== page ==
Psst. Have you noticed? Libraries are disappearing… fast. Lyndon Riggall shines a spotlight on a worrying trend with serious consequences.
When you are someone in the community who is known for their love of the written word, there are two things that people invariably want to talk to you about: e-books, and what is happening to (or has already happened to) their local school library.
The first conversation is a fairly simple one: yes, I love my local bookshops, and there is still something about books printed on paper. No, I will never get used to charging a book from a power point, which feels like a violation of some natural order. I agree, it does seem a reasonable trade-off for the advantage of carrying a thousand books in your pocket, and yes, changing the font size as necessary and the subtle lighting of the screen that can be enjoyed for nights on end without a headtorch on a camping trip, or next to a sleeping partner long into the small hours of the morning, is a revelation.
The second kind of conversation is less straightforward, and this is often because there is a kind of grief that comes with it. A school library, I am told, is shrinking. The teacher librarian has disappeared without fuss or furor, and now the building is open only if and when a teacher can make use of the facilities—the old doors creaking apart to dark shadows like the entrance to a crypt, literary tombstone stacked upon tombstone. In some cases, the library has shrunk, replaced by a series of trolleys, an in-class bookshelf, or a storeroom somewhere near the toilet block. Worse, occasionally it is already too late. The library, I am told, is gone. Schools—such big, unwieldy, unyielding places sometimes—can do this as quickly as taking a breath, and so in an instant it has instead become a classroom; two classrooms; three classrooms. Now, it is as if it was never there at all. A library ends, not with a bang or a whimper, but with an almost inaudible “Shhhhhh.”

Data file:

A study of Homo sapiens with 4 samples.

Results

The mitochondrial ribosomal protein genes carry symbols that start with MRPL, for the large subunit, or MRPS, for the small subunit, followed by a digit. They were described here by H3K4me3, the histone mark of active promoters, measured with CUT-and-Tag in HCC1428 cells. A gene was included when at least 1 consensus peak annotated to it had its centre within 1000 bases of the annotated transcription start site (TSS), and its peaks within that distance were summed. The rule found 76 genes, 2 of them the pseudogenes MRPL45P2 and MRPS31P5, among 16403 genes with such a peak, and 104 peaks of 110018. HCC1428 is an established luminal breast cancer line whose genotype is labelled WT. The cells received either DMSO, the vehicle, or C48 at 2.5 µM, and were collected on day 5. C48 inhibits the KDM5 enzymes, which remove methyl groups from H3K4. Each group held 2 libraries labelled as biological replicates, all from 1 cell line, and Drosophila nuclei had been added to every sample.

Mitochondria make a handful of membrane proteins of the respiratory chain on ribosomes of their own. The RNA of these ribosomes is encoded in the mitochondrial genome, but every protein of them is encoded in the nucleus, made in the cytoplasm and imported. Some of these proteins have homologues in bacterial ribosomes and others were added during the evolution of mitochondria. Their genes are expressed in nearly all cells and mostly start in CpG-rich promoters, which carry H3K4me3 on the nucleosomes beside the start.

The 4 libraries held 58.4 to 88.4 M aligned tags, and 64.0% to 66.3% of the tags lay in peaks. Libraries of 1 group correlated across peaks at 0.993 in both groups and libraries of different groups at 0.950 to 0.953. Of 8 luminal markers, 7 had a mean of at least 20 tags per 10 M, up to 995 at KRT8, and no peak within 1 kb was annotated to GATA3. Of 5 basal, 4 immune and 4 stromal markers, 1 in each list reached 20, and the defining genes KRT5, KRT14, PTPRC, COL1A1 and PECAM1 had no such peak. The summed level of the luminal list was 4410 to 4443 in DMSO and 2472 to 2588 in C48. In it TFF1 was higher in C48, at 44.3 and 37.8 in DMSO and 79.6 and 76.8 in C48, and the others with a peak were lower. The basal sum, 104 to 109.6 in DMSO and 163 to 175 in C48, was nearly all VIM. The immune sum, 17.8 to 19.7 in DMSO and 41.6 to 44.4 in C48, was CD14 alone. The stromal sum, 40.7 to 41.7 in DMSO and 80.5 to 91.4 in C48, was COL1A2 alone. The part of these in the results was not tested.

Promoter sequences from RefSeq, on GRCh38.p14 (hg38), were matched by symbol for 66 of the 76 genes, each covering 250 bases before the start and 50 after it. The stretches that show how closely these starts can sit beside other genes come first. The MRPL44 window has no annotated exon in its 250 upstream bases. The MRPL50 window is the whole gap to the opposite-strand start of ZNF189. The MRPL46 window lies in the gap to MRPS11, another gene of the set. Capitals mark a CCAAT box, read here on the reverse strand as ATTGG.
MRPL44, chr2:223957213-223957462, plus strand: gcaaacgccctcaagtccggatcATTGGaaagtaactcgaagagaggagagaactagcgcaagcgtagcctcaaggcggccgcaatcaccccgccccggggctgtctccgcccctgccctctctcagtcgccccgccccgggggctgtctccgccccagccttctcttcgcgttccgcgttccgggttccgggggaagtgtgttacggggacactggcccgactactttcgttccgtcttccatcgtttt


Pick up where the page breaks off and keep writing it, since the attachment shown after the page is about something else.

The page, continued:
I have spoken many times on this blog, in passing, about the value of libraries, which have always struck me as the most absurd and inspiring of institutions: a building dedicated to the free access of information and story; perhaps one of the last bastions of a time in which we actively strove towards a utopian world where knowledge was available to all of us and we really could have something for nothing. Libraries, I accept, need to evolve to survive. I remember feeling a kind of shock and horror growing up on the day that banks of computers invaded the bookshelves, and the definition of what our library was, and who it serviced, expanded to include people who may visit the library every day and yet very rarely cracked the spine of a book, but each library—in both school and the community at large—was a safe haven. I have heard a hundred stories of the readers, the computer nerds, the misfits and the bullied who found solace in a quiet corner beyond the librarian’s desk. In some cases, its very existence can be life-saving.
The loss of our school libraries points to the simple and fundamental truth that humans have been living with for some (if not all) time: honestly, we have no idea what’s good for us. A library is a remarkable thing, but, like so many remarkable things, the hole left behind by its absence is often only properly and acutely felt when it is already too late.
I suppose the other side of this discussion is that I only hear about all of these libraries and what is happening to them because people are passionate. They feel, as I do, that a school without a well-stocked library is a mere shadow of what it could be… it is a house without its hearth; a body without a brain or a beating heart. Encouraging children to read, and to read with pleasure and enthusiasm, consistently and often, is one of the biggest challenges of our time, and I admit that with no hesitation (I might have mentioned it, but you know we have no idea what’s good for us). We need to use our libraries, I know, or we will lose them. Still, there is only one type of library that always fails in its mission to bring the printed word to the wider world, free and without favour, and which is dwindling with terrifying, heartbreaking, ever-increasing frequency, locally, nationally and across the earth…
The library that is no longer there at all.
Lyndon Riggall is a writer and teacher from Launceston. He is co-host with Annie Warburton of the Tamar Valley Writers Festival Podcast, and in 2019 released his first picture book, Becoming Ellie, in collaboration with artist Graeme Whittle. Lyndon can be found at http://lyndonriggall.com and on Twitter @lyndonriggall.
Editors’ note: Indifference and inertia are part of the problem. Become active and champion children’s rights to quality library services that will support their emotional, social and academic growth and well being. Visit Students Need School Libraries to find out more.